BlackBerry Priv has a big flaw: It's a privacy flop

The Priv shows a clear disconnect between what the company wants, and what the phone actually does.

b-1-notifications.jpg
(Image: ZDNet/CBS Interactive)

NEW YORK -- If only it wasn't called the "Priv," BlackBerry's Android phone wouldn't get me so wound up.

BlackBerry's latest phone, an Android device, centers around two principles: "privilege" and "privacy," which flat out makes no sense, except for the fact that according to Dictionary.com those are the first two words that start with "priv."

Privacy is tricky to protect, but it's surprisingly easy to understand. Your privacy can relate to anything from your music and movie tastes, your text messages with that person you really like, or something as personal as your religion, beliefs, or views. It can also relate to where you are, who you talk to, your private information -- such as a contacts list or your documents and photos. Privacy only really exists when you have control over it. You put a passcode on your phone to prevent someone else from accessing your private information.

Once you give up that control, you may no longer have privacy.

Privacy relies on the protection of your data. After spending a week with the Priv, I can tell you from the three most used apps on this phone:

  • Facebook accessed my location a total of 194 times in seven days.
  • Skype accessed my phone contacts list a total of 1,814 times in the past seven days.
  • Twitter accessed my location 704 times in the past seven days.

That's not privacy-enhancing data. That's just information, which I can't do anything about.

As I said in my review: "The police turning up at your door saying you got burgled isn't effective law enforcement. It's stating a fact, and hoping you feel reassured by it."

That data came from a in-built app called DTEC, which measures the health of your Priv smartphone, based on whether you have a strong lock code, device data encryption, and have certain options on and off, depending on the preference.

In short, it's a weak privacy app. It doesn't prevent your data from being slurped up by the various apps you use, nor does it give you an option to do much about it -- except uninstall the apps. And let's face it, nobody is going to uninstall Facebook.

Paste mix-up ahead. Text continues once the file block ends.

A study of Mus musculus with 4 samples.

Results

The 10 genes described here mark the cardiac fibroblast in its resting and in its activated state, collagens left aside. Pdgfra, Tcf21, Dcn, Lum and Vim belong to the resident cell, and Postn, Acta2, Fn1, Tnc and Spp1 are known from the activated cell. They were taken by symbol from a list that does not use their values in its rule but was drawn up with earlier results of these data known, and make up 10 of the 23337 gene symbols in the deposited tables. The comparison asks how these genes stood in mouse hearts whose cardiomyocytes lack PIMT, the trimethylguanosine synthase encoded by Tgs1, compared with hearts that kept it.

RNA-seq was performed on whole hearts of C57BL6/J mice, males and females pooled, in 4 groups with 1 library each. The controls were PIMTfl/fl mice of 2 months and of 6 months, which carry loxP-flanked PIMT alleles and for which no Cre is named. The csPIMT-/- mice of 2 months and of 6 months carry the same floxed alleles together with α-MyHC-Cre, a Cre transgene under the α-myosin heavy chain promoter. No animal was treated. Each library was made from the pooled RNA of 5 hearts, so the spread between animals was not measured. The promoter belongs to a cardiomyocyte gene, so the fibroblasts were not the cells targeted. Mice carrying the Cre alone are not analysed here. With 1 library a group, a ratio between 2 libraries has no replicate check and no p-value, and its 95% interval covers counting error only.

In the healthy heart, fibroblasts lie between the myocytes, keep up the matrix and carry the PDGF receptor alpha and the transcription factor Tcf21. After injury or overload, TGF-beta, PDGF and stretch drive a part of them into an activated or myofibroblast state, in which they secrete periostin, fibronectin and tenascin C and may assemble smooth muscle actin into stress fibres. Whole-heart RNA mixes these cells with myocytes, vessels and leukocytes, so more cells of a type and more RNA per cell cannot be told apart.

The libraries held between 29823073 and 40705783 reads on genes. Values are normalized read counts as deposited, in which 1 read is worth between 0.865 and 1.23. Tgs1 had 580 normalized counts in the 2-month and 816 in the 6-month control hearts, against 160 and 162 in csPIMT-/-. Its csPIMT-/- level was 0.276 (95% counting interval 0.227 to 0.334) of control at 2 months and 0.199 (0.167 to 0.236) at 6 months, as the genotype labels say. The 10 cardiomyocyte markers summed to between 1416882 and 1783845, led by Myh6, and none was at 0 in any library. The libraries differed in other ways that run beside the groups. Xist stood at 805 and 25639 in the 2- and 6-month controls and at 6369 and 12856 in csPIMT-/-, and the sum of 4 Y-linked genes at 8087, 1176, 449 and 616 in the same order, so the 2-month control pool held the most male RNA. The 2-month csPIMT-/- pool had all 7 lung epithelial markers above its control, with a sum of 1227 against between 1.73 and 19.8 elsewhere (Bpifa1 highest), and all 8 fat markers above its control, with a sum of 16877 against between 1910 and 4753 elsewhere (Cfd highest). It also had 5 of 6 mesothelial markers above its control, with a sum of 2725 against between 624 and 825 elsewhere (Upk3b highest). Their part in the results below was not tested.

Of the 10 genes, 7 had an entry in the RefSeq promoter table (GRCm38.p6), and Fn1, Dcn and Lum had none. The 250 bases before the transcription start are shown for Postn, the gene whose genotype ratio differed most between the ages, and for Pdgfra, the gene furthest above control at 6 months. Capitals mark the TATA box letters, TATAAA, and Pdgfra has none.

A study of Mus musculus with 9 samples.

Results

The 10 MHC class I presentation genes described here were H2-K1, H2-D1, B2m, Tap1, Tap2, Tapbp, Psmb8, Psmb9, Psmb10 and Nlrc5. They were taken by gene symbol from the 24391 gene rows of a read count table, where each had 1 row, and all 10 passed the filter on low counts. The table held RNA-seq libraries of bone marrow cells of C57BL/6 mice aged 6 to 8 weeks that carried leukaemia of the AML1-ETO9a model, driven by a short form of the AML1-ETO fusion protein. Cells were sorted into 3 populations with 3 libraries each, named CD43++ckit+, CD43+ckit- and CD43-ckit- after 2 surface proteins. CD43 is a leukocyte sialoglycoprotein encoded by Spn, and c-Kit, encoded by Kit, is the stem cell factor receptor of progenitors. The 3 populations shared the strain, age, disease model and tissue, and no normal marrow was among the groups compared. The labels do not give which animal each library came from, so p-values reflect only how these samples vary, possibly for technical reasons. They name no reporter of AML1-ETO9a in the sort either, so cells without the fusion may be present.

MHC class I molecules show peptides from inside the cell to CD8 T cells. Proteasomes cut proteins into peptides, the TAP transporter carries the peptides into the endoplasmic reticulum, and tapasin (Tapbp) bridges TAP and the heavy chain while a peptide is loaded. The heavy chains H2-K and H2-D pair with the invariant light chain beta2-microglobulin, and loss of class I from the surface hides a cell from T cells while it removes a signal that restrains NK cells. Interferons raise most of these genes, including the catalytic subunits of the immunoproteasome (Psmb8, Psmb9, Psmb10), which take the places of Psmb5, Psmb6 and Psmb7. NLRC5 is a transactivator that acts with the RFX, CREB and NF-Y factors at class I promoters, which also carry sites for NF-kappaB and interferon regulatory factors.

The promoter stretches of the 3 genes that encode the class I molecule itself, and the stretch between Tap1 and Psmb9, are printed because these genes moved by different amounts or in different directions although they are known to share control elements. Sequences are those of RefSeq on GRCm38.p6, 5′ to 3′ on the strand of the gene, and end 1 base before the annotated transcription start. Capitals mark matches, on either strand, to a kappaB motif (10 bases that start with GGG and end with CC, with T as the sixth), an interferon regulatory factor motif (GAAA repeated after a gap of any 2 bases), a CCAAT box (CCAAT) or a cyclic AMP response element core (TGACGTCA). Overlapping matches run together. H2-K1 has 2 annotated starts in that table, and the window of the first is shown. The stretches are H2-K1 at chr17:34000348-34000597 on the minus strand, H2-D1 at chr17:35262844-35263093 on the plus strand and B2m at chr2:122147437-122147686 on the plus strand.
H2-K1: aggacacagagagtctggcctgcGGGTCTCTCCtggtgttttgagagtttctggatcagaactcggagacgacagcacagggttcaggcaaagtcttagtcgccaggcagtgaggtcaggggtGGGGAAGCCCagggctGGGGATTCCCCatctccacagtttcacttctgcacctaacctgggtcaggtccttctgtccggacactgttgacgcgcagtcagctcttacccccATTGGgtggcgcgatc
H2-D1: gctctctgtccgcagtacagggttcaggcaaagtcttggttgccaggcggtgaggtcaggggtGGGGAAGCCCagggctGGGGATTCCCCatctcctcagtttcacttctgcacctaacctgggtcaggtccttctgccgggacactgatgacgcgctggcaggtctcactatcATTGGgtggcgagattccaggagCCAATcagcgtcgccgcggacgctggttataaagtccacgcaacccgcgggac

CNET Review: BlackBerry Priv review:Slick Android slider with niche appeal

BlackBerry clearly went in with the best of intentions for this device. For the fact that you've got phone developers thinking about privacy is a rare sight in this day and age, of data breaches, hacks and government surveillance. The problem is, you can't half-ass privacy and security. One trip in the system and you can bring the whole veil of protection down.

But marketing this phone as a privacy phone is borderline dangerous for those who think, perhaps naively, that this phone will protect their privacy.

The Blackphone 2, another Android-based phone which we reviewed earlier this year, actively mitigates apps and services from grabbing a user's data. iPhones have also become increasingly privacy-centric and security focused by adding device encryption, among other things.

And yet there will be people who have "nothing to hide." Agree with him or not, whistleblower Edward Snowden destroyed that argument by saying: "Arguing that you don't care about the right to privacy because you have nothing to hide is no different than saying you don't care about free speech because you have nothing to say."

This is a good phone for Android users, and it's a great phone for BlackBerry loyalists. It's a smart, usable, accessible and customizable device with a hardware keyboard that all too many people have missed over the years.

And there are some positive security-focused additions to the software, including kernel hardening, adding hardware root-of-trust to prevent rootkit malware and device tampering, and also over-the-air security hotfix patches that can override the carrier's approval for those (all too often) Android security emergencies.

Call it anything, but don't call it a privacy phone.